Maybe you and your spouse are young and recent newlyweds wondering if there is more to estate planning than mere will execution. Or perhaps you and your partner are a few years into an established marriage and have a child with special needs. You understandably worry about his or her future in the event that either one or both of you become incapacitated or die.
Here are a few other scenarios that might ring a bell for you. Some readers of our estate planning blogs at the established San Jose Law Offices of Berge & Berge are business owners. Is there a planning tool that can help safeguard a family enterprise and ensure its future succession on desired terms? Can a tailored strategy guard against a loved one who hardly seems to fathom the value of a dollar and would just likely blow through a received inheritance given as a lump sum?
And what about a vehicle that can be put into place to promote charitable goals and related family values? How about a tool that can help you retain your financial autonomy during life, protect against creditor-linked downsides and ultimately transfer assets to a future family generation with little or no tax consequences?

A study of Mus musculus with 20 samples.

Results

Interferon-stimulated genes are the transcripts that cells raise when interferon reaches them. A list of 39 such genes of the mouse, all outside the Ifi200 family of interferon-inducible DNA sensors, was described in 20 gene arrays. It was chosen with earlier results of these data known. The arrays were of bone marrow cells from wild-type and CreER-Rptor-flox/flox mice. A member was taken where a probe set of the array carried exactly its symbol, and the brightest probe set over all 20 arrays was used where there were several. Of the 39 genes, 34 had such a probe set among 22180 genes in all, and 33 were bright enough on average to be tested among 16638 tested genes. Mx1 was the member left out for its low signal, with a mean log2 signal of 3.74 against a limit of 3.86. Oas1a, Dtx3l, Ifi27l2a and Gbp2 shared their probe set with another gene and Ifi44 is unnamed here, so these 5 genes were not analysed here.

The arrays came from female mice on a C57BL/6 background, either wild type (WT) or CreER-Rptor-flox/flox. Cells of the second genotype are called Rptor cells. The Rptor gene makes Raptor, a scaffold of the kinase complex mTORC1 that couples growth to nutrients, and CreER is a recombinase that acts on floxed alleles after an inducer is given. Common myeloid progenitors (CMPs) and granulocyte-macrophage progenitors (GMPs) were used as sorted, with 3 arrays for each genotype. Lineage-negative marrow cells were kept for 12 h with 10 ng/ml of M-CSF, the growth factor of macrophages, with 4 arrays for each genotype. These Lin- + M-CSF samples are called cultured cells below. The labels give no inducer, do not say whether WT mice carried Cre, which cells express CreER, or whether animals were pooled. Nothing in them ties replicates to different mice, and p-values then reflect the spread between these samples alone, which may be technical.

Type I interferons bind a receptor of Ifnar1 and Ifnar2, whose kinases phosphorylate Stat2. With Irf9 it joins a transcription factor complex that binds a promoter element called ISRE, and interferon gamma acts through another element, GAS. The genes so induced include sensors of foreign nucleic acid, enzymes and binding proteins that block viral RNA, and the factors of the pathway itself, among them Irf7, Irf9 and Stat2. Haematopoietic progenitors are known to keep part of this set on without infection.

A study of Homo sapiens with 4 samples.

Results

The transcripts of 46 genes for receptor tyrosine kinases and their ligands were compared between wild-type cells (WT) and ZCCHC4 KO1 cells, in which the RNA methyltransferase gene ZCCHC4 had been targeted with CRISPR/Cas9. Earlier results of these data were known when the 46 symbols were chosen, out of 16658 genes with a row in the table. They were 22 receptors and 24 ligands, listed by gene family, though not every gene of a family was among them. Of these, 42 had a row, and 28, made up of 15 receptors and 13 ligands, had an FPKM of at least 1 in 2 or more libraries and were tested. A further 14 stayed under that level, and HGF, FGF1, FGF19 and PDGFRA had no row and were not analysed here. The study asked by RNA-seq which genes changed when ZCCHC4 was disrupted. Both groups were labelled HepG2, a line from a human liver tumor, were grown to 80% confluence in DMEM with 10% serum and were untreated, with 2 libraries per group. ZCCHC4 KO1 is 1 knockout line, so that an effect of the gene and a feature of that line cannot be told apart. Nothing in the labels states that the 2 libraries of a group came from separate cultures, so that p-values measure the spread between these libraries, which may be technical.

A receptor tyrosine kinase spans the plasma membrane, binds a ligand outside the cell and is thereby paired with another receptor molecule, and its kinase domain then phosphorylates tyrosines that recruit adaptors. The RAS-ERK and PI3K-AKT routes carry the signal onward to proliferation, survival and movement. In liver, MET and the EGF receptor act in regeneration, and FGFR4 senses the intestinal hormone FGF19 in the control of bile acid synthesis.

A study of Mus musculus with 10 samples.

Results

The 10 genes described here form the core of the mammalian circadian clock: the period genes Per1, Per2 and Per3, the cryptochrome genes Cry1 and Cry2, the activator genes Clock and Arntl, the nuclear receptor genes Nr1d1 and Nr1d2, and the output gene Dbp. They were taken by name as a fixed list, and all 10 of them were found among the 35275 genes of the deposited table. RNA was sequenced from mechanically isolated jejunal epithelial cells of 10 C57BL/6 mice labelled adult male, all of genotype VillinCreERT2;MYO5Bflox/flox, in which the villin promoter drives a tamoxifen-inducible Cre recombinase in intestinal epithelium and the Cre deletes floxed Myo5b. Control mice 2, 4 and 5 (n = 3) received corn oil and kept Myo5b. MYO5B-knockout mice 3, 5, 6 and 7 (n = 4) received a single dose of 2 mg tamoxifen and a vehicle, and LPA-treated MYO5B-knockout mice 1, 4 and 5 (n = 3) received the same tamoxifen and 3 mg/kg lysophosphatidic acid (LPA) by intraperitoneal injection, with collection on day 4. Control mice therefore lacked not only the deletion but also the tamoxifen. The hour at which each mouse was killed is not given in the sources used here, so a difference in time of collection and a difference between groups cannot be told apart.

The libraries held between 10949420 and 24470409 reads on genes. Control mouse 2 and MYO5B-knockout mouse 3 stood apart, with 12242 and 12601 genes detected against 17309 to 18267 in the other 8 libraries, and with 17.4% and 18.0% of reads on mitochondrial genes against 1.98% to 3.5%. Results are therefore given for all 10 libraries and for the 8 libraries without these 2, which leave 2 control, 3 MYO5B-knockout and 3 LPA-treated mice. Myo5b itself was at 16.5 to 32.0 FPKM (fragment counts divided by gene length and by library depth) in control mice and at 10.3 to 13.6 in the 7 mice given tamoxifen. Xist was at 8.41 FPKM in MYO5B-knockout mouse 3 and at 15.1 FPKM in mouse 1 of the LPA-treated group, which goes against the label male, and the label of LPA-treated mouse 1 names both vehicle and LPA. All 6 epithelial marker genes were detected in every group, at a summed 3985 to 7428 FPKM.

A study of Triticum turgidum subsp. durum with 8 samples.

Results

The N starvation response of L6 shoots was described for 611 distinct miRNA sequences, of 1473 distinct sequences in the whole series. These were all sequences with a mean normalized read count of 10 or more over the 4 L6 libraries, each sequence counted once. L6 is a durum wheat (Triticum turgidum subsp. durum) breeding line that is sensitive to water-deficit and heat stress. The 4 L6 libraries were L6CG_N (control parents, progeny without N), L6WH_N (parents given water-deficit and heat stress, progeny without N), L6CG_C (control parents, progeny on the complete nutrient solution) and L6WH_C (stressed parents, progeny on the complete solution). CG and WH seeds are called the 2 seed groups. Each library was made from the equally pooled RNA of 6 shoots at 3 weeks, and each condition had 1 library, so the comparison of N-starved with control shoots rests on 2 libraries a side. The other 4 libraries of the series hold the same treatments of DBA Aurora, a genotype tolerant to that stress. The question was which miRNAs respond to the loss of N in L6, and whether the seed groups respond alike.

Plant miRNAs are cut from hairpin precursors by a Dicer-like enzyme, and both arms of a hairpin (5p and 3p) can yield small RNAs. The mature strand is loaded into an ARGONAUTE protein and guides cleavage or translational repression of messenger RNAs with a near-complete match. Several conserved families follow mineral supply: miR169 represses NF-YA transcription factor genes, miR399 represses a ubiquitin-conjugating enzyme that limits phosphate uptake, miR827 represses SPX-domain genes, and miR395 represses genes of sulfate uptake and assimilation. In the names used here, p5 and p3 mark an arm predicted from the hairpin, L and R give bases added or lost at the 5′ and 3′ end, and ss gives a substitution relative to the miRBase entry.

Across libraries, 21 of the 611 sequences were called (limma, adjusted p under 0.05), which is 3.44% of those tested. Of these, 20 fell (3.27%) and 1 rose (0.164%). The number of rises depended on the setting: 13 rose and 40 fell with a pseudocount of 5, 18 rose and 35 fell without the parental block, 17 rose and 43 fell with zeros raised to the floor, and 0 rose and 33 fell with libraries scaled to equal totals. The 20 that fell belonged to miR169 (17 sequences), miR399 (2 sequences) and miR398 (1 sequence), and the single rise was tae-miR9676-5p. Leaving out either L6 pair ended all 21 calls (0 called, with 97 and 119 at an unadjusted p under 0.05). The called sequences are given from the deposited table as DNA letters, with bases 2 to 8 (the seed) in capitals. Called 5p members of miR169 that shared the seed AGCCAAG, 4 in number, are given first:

There is in fact an estate planning instrument that in varied forms can do all those things. It is a trust, which is one of estate planning’s most creative and flexible tools.
A broad universe: some representative examples of trusts
It’s likely not much of an overstatement to claim that there is a trust to cater to just about every planning need. Here are some common trusts, which a proven estate planning attorney can explain and, when appropriate, execute for a client:
- Revocable living trust
- Trust for minors
- Marital trust
- Special needs trust
- Irrevocable life insurance trust
- Asset protection trust
- Retirement trust
- Spendthrift trust
What benefits can a tailored trust provide?
A responsive answer to that header query can be delivered in a single word: many.
Trusts confer value in highly varied ways. Among other things, they can advance these key planning goals:
- Avoid the time, expense and uncertainty of probate
- Promote privacy
- Carry out precisely a creator’s wishes
- Safeguard too-free spenders from their financial excesses
- Ensure that philanthropic aims are promoted
- Protect against creditors
- Minimize lawful tax exactions
In summary, legions of planners in California and nationally work with an experienced attorney to craft one or more trusts after perceiving the broad utility of such instruments.
Engaging in a bit of self-education concerning trust basics and application is almost always time that is both figuratively and literally well spent.